Jeremy Corbyn must be furious about his interview with Emma Barnett on Woman’s Hour. Not because of the contents of that interview, because presumably he doesn’t mind people thinking he doesn’t have a clue how he’d fund his promise of state-provided childcare. After all, if he thought stuff like that was important, he’d have taken 30 seconds to read the brief about his own policy before announcing it, right?
No, I mean he must be furious about what happened after that interview, and happened to Emma. Within minutes, she was subjected to the full spectrum of abuse online from people unhappy about a journalist doing her job and asking a politician to explain one of his policies.
Some of that abuse focussed on her religion. Some of it mentioned her family. Some it was published by people who say they are supporters of Mr Corbyn. None of it was pleasant. None of it was justified.
— Beccy (@BeccyBee03) May 30, 2017
This makes me angry and sad. Partly that’s because Emma is a former colleague of mine, a person I like and admire: I don’t like seeing her abused, even though I know she’s (sadly) had to become more than tough enough to take such things in her stride. Partly that’s because this is part of a nasty, corrosive trend in British politics, for which people of all parties bear some responsibility, towards actively and aggressively targeting journalists, in the apparent hope of deterring them from doing their job.
I imagine this will also make Mr Corbyn angry and sad too. He’s strongly opposed to this sort of personal vitriol. He told us so, after all. Here he is in 2015, telling the Labour Party conference he wanted a ‘kinder, gentler politics’ and urging people of all parties to:
‘Cut out the personal abuse, cut out the cyber-bullying and especially the misogynistic abuse online and let’s get on with bringing real values back into politics.’
Sadly, Mr Corbyn’s words haven’t always been heeded. Some people continue to target the BBC’s Laura Kuenssberg with what can only be described as ‘misogynistic abuse’. Some of those people say they support Mr Corbyn and his approach to politics. (Some but not all: there are SNP supporters out there too.)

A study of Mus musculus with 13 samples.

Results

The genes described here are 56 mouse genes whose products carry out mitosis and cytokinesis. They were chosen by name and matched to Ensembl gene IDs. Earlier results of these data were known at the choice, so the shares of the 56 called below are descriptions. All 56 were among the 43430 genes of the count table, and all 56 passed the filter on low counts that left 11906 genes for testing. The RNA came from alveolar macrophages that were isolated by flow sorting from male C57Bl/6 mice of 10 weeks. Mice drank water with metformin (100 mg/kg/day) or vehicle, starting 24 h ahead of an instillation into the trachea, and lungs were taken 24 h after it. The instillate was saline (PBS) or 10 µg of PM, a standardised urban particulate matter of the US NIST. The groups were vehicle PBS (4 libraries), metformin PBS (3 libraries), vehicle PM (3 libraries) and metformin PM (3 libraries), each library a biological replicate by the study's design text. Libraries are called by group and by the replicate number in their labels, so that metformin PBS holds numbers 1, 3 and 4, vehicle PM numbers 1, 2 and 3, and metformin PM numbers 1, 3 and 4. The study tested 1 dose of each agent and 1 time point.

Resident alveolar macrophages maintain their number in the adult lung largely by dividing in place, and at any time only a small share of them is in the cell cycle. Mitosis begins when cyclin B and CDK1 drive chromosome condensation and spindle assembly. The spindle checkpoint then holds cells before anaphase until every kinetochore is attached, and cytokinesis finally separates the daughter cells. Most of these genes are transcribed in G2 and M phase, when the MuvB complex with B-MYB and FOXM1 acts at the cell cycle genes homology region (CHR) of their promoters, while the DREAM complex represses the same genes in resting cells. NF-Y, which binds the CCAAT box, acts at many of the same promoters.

Given Mr Corbyn’s fine words on this topic, I’d hope that he will soon take the opportunity to make plain to all concerned that he utterly deprecates the sort of abuse that has been directed at Emma Barnett and wants it to stop, now and forever.
This isn’t, incidentally, mean to imply in any way that Mr Corbyn is responsible for that abuse: I make no suggestion whatever that he or anyone who works for him does these awful things. I’m not even arguing, as others have, that he has been complicit in the poisoning of our political culture and the normalisation of personal abuse, especially of women and Jewish people.
I am simply expressing the hope that Mr Corbyn will act on those lovely words about a kinder, gentler politics and do something to ‘bring real values back into politics’. Values like civility and decency, and respect for people who do the jobs that a healthy functioning democracy requires.
Emma’s gender, religion and background are all irrelevant here. She is a journalist. She did her job by asking questions. Jeremy Corbyn is a politician. He now has a chance to do his job by doing the things he said he would do, and make clear for all to see that none of the hateful inadequates who abused Emma Barnett today do so in his name.
Since this post was published, I’m delighted to report that Mr Corbyn has indeed made clear that the sexists, anti-Semites and other scumbags who target journalists are out of order and should shut up. He said, according to the BBC:
Journalists do ask difficult questions. Journalists do a job which does require asking difficult questions, sometimes in difficult circumstances… if you don’t like what a reporter says or asks you, or anybody else, understand the question they are asking, we will all do our best to answer these questions – under no circumstances whatsoever should anyone throw personal abuse at anyone else because they are doing the job that they have been employed to do – and I will not tolerate it under any circumstances.
Now, let’s see what difference that makes.